A 17-year-old from Colorado is in stable condition after being gored by a bison while walking along a trail at Theodore Roosevelt National Park in North Dakota, according to park officials.
The teenager was a quarter-mile from the Halliday Well Trailhead Saturday morning when he encountered a bison herd, the park said in a news release Sunday.
Two bull bison that had been fighting with each other were standing on either side of the trail, about 20 feet from each other, as the teenager passed.
"This can happen to anyone," said the injured teenager, who asked to be identified only as a male from Colorado. "I didn't think it was going to happen to me -- I am a very experienced hiker. Like, I wouldn't have put myself in any dangerous situation if I thought it was gonna happen."
"I didn't try to be aggressive towards the bison, I didn't try to get his attention, I wasn't up close, I wasn't trying to take pictures, I was just ... no reason for it," the teen continued. "There was another group of hikers that had just gone past him. ... I didn't feel unsafe at any point while I was around him, and then all of sudden he just came and charged at me."
The 17-year-old said he never lost consciousness, was flung into the air, landing on his backpack.
"I lost my breath, and I had to lay there in a minute of just complete shock, and didn't know what to do," he added. "It just kind of was running, and then all of a sudden, he just throws me into the air. And I was flung about 6 feet into the air. ... I landed on my backpack, which saved my life."
The teenager's hiking partner was walking ahead and waiting at the trailhead, Andes said. Another person also witnessed the attack.
Park rangers and Billings County paramedics were called around 11 a.m. local time and responded immediately. The 17-year-old was flown by helicopter to a hospital in Bismarck, North Dakota, Andes said.
Andes told ABC News on Monday that this time of year -- mid-July to September -- is bison-mating season. The female bison hang out in packs, while the bulls choose mates and wait for their female partners to be ready, which often leads to bulls fighting other bulls over mates.
Ron Magill, the communications director at Zoo Miami, told ABC News male bison can be territorial.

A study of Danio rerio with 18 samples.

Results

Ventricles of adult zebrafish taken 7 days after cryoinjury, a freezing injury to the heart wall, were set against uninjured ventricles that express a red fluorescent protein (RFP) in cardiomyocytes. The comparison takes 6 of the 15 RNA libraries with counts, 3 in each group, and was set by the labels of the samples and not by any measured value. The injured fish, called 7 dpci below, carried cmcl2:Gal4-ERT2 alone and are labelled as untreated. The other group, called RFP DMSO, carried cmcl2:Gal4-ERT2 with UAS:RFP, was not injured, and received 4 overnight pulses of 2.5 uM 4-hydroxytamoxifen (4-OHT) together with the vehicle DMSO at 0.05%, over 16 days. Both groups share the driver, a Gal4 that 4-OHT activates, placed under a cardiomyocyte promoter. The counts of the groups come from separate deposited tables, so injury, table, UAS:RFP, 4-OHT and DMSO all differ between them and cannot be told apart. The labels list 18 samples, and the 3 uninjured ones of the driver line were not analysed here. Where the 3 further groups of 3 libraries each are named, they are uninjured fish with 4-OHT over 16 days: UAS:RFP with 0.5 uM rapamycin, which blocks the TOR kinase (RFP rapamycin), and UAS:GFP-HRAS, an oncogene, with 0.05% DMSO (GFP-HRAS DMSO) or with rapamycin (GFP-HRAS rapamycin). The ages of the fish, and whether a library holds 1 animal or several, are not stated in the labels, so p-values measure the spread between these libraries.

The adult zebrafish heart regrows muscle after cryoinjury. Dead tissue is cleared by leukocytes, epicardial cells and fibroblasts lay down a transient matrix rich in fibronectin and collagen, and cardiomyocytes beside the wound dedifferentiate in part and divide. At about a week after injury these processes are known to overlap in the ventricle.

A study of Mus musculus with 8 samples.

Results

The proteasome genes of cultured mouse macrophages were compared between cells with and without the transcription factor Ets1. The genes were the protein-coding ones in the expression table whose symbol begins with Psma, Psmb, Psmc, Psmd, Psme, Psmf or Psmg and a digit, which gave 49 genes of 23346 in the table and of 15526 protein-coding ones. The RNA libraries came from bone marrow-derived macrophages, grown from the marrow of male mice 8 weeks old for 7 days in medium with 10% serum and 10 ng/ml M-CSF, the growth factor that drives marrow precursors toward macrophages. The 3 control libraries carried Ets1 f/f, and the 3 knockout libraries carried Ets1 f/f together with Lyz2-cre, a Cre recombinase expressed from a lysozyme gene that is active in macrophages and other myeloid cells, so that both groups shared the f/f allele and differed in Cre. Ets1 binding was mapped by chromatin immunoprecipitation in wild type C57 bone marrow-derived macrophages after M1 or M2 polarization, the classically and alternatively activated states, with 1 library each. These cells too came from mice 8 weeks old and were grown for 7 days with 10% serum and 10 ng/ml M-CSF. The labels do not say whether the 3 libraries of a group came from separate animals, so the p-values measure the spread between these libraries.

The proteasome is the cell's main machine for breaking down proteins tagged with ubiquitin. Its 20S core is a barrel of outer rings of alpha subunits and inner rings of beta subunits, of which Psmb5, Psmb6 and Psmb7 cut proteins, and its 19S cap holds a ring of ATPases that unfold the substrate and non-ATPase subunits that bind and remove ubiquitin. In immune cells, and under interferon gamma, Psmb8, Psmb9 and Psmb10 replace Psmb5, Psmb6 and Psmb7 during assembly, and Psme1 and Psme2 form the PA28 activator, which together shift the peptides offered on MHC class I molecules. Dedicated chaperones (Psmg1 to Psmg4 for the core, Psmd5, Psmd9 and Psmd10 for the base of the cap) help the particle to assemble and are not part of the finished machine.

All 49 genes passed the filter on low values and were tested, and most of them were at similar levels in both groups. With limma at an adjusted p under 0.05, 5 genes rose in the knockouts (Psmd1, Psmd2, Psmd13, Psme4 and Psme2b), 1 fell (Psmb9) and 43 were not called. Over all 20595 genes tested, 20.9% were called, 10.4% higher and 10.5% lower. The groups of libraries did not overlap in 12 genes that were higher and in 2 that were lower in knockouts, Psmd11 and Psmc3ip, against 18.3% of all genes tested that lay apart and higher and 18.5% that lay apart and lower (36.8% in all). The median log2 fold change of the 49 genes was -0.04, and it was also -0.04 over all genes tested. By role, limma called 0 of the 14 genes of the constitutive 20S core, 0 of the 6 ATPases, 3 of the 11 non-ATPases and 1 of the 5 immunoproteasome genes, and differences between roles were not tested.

"They tend to get aggressive toward anything they think is a threat to them, their territory or to their females. ... Male animals, especially adult male animals, are very unpredictable and very dangerous. And female animals, especially with babies are even more dangerous," Magill said.
While the rangers were tending to the injured teenager, they had to keep an eye out for other bison that were in the area, Andes said.
In its Sunday news release, park staff reminded visitors that bison are large, powerful and wild and that they can turn quickly and can easily outrun humans.
"Park regulations require that visitors stay at least 25 yards (the length of two full-sized buses) away from large animals such as bison, elk, deer and horses," the park said. "National Parks are generally safe places and many people visit every year without incident, but visitors must make themselves aware of potential hazards. National Park staff is happy to assist with trip planning and information is available at visitor centers and on individual park websites."
Last week, the National Park Service said in a release that a 9-year-old Florida girl had been injured after a bull bison ran toward her and "tossed her in the air" near Old Faithful Geyser at Yellowstone National Park.
The 9-year-old girl's specific injuries were unclear, but the park service said she'd been transferred to a medical clinic and later released.
ABC News' Jessica Zellermayer contributed to this report.